Communications Workers Union begins fight to save 9500 Telstra jobs


The Communications Workers Union has kicked off its campaign to save up to 9500 jobs that Telstra plans to axe over the next three years, calling on the federal government, the community and other key stakeholders to step in.

The CWU, which represents telecommunications workers within the Communications Electrical and Plumbing Union (CEPU), launched a petition calling for the government to intervene and work with Telstra find an alternative to the job cuts.

The petition had 156 signatures at the time of writing.

The cuts were revealed last week as part of the telco's radical Telstra2022 cost-cutting measures, which will see nearly a third of its workforce ousted along with between two and four layers of management.

The strategy aims to reduce Telstra's costs, simplify its structure and improve customer experience following continued disappointed financial results for the country's largest telco.

The union said the plan to save jobs has already started gaining traction, with state premiers and federal politicians on both sides voicing concerns.

Victorian premier Daniel Andrews threw his weight behind the workers, saying in a media statement that the state government would help affected staff with training services through its Jobs Victoria - Workers in Transition program.

Federal treasurer Scott Morrison told media last week it was a "tough reminder" of the challenges that all businesses face, and federal communications minister Mitch Fifield said Telstra would implement a $50 million transition program for affected staff.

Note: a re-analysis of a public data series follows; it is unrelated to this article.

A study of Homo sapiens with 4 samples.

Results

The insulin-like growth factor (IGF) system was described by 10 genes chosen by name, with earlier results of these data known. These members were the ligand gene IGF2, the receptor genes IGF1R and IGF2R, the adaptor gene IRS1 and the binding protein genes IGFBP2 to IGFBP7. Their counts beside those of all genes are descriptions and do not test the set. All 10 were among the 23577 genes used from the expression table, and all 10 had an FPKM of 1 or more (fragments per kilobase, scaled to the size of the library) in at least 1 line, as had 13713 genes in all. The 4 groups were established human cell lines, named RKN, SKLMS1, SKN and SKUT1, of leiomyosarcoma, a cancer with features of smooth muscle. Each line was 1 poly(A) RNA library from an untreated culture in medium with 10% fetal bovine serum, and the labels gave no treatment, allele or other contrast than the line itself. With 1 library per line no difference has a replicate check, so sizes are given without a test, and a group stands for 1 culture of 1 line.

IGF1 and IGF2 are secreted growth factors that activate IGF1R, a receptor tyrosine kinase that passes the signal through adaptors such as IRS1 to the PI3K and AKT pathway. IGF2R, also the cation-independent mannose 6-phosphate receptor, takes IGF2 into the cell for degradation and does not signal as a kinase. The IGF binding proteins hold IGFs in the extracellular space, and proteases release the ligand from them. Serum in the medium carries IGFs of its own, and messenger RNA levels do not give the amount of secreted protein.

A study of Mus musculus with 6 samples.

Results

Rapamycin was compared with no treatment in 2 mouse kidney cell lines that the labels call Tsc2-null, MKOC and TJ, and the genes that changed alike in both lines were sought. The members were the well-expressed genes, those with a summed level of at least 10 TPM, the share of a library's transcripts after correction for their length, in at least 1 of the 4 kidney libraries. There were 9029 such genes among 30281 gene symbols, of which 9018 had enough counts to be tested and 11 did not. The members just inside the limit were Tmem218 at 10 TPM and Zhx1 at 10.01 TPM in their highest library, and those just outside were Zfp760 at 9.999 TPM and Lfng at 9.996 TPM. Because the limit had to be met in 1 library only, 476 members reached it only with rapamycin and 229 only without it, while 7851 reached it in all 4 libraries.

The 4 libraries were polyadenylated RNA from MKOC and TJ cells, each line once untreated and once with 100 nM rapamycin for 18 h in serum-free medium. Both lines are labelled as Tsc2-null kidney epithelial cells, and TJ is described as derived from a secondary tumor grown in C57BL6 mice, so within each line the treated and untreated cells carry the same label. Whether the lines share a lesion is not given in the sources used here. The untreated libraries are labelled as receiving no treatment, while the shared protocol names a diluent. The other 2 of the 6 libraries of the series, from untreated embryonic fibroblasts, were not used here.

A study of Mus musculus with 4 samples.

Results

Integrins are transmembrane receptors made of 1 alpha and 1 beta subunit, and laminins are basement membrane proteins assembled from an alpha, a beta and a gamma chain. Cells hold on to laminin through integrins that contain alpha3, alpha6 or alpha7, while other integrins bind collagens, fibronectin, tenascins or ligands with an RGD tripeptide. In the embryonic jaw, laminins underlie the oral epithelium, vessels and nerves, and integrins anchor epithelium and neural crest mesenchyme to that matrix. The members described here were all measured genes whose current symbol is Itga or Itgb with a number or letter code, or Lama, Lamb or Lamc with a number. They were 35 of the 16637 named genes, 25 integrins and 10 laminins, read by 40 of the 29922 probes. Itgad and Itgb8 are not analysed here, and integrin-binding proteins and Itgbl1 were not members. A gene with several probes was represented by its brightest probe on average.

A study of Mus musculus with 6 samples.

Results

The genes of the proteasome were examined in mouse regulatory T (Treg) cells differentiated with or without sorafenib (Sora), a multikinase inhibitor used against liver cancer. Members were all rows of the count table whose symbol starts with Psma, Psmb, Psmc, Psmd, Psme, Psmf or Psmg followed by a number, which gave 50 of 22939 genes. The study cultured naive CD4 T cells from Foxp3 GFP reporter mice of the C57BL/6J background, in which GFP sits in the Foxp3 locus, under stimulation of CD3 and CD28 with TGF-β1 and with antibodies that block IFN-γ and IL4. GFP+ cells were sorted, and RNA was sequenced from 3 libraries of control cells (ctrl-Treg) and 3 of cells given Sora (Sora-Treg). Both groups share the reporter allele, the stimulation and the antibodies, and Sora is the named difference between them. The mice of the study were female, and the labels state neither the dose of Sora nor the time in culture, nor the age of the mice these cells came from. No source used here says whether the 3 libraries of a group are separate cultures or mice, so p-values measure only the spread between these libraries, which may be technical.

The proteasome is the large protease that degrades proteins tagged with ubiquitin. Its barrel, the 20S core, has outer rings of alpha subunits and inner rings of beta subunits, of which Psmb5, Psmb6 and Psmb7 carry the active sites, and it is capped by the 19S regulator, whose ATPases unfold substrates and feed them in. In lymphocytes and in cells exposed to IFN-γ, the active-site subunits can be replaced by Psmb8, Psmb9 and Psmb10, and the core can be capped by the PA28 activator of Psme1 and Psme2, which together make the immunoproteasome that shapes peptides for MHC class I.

The union argued it was also in the public's interest to rally against the job cuts, citing an article in the Sydney Morning Herald that said 80 percent of Telstra's mobile customers preferred to deal with a human about their service rather than an automated system.

"Telstra workers have been ambushed by management and told that nearly a third of them will be made jobless," the CWU said in a statement.

"There has to be a better way. A good government would step in and urgently bring together management, workers and other key stakeholders to work out an alternative and save these jobs."

Telstra expects restructuring costs will mount to $600 million in the 2019 financial year, which also includes separating most of its infrastructure-related businesses into a new company called InfraCo.